Sunday, March 31, 2013

Community and Food

I've been thinking about food and politics lately and who can really help it - election year, politics and living in this town, go together like a peanut butter and jelly sandwich.  As of 2010, DC has 36 community gardens and according to the Neighborhood Farm Initiative's database, that number has risen to: (insert number when Jill sends this to me).  Mayor Vincent Grey announced a "Sustainable DC" initiative in 2011, that would focus on improving various environmental issues in our area within "one generation", 20 years.  One of the Mayor's goals is: to increase the percentage of food consumed by DC residents, to be produced within a 100 mile radius to 25% by 2015.   A report was supposed to be released spring 2012 by the DC government to outline their goals to reach their goals, based upon the meetings they held with community members and groups since announcing the initiative.  

However, to date, a report has not been released.  In fact, there are several examples of there being more talk, than action.  Last spring, there was a call by the DC government's green initiative for proposals to fund efforts to increase local food production.  What is the status on that?  *birds chirping*  Further, if you visit the Department of Parks and Recreation, you'll find information on programs and services they offer to create community gardens; their website reads, "The DPR Community Gardens Program seeks to give DC residents the skills and opportunities to develop urban gardens in their area". I searched for a link to such programs and I could not find a single one.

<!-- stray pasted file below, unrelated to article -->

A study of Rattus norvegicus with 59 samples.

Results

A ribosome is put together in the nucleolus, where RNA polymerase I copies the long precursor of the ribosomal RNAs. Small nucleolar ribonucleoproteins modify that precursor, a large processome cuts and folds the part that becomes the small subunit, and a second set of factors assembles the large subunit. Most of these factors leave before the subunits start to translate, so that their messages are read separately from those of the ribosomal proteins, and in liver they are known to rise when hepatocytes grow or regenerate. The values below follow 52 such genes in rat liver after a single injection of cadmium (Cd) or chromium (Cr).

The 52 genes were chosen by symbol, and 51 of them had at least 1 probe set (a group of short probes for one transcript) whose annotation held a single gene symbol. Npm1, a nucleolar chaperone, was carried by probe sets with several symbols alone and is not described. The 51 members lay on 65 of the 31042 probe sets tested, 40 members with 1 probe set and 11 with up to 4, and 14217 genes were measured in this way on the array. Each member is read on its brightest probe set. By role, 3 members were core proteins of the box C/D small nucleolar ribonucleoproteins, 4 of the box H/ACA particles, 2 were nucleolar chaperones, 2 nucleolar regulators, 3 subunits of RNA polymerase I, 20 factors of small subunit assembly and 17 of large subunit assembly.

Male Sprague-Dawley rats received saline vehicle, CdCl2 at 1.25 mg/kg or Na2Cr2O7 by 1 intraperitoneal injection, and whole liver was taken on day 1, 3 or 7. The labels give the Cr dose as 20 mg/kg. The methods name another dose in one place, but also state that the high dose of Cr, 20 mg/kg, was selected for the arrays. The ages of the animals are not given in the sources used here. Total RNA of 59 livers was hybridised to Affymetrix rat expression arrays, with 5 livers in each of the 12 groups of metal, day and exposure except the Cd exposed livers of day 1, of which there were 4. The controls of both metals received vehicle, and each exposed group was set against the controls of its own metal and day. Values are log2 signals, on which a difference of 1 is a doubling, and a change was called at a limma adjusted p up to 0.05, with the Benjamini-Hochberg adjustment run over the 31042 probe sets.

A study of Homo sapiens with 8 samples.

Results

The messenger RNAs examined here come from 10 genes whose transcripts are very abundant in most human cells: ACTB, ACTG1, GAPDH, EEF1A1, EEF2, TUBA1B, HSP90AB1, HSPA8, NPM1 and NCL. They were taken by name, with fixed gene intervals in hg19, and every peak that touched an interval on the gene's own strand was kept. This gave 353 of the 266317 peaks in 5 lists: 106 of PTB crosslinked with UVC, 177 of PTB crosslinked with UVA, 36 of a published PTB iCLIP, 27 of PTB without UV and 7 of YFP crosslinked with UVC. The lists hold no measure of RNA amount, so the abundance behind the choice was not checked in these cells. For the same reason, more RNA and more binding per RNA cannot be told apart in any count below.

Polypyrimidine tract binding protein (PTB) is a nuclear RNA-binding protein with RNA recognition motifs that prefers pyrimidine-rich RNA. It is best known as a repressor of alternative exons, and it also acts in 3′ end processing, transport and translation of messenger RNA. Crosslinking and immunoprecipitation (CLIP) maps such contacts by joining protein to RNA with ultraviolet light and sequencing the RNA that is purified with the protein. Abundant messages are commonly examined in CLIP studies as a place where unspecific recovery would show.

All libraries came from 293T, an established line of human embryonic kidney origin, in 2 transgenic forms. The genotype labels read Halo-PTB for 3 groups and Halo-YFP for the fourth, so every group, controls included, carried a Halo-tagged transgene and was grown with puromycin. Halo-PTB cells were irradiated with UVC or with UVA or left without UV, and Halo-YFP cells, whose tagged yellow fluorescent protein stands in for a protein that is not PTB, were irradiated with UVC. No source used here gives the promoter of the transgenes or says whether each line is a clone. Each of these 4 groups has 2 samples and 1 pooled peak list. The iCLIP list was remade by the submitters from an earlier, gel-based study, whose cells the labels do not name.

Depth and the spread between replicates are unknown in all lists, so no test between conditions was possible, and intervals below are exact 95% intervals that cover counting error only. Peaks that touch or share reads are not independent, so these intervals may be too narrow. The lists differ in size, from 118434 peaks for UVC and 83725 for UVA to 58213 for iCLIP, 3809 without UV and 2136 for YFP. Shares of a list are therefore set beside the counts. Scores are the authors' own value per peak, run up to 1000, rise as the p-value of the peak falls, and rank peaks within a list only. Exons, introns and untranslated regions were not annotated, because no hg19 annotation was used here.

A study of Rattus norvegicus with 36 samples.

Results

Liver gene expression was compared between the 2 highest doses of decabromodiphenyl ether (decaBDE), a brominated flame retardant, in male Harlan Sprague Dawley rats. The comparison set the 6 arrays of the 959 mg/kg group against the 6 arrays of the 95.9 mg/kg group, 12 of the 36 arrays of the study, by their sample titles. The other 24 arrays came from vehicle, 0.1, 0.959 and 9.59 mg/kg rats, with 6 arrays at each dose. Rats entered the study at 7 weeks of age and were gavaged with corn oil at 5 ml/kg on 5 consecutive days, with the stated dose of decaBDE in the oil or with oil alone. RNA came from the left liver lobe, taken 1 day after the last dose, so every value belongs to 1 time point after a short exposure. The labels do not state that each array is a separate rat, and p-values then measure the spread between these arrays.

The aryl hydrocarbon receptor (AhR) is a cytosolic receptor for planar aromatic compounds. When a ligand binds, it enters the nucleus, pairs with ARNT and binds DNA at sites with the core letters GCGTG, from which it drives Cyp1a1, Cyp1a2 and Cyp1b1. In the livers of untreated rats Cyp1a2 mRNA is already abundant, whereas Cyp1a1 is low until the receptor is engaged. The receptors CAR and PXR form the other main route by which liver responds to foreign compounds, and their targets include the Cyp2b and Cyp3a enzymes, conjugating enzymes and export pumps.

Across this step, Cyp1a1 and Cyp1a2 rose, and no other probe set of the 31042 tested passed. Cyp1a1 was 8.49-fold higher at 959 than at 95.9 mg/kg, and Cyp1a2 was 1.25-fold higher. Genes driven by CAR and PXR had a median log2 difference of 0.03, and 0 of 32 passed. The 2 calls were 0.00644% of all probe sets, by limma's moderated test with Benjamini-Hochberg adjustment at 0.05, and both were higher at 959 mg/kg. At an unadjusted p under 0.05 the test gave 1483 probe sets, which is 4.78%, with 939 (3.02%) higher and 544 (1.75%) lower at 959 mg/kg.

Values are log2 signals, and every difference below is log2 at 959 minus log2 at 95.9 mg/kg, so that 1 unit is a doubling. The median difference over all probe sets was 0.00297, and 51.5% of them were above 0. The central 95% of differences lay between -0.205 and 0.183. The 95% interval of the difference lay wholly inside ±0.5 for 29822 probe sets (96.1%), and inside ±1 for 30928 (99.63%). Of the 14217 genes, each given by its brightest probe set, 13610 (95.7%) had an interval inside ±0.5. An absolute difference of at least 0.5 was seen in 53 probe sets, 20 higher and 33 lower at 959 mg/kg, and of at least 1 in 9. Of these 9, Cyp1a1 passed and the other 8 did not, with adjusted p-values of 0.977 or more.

I am particularly troubled by DPR's use of words such as, "to give skills and opportunities" because while my friend and I began our efforts in starting a community garden in the Edgewood neighborhood earlier this year, we were not given much support.  In fact, when we submitted out application to DPR for a permit to install a community garden, it was rejected.  Our goal in starting this was to insert access to locally grown and organic vegetables and fruits to the Edgewood neighbors for free.   When we submitted our application, the area was considered a food desert.  Based upon the Mayor's initiative to increase local food production and DPR's mission to provide skills to develop such opportunities, it was surprising that we received an immediate rejection.  However, after some nifty letter writing to DC government officials, we were able to move forward.  

My point in calling out DPR is not to belittle their own pressures they experience every day.  My point is, when we received our rejection, we did not receive any suggestions in how to resolve the reason why we were rejected: water access.  If we were given support and assistance in that moment, we would not have lost time in planning for the community garden - its programs, engaging the community.  And most of all, if there was a a clear step-by-step guide on the paperwork needed for a permit to begin an urban farm/community garden and a liaison between those interested in starting these gardens and the Mayor's office and DPR to answer any questions or concerns, so we may submit a successful application and decrease the administrative time spent on resolving any issues found.  Also, it would behoove the Mayor's office to provide a resource center that provided funding options and gardening, networking with area community gardeners, etc. in order to achieve one of the DC FEED Act's goals, "to improve access to healthy foods in low-income neighborhoods".

I'm grateful that there are written and approved policies in support of increasing access to locally produced produce, but the support system needs to be put in place to make this a reality in the time period the Mayor has established - 2015.  That's 2 years away.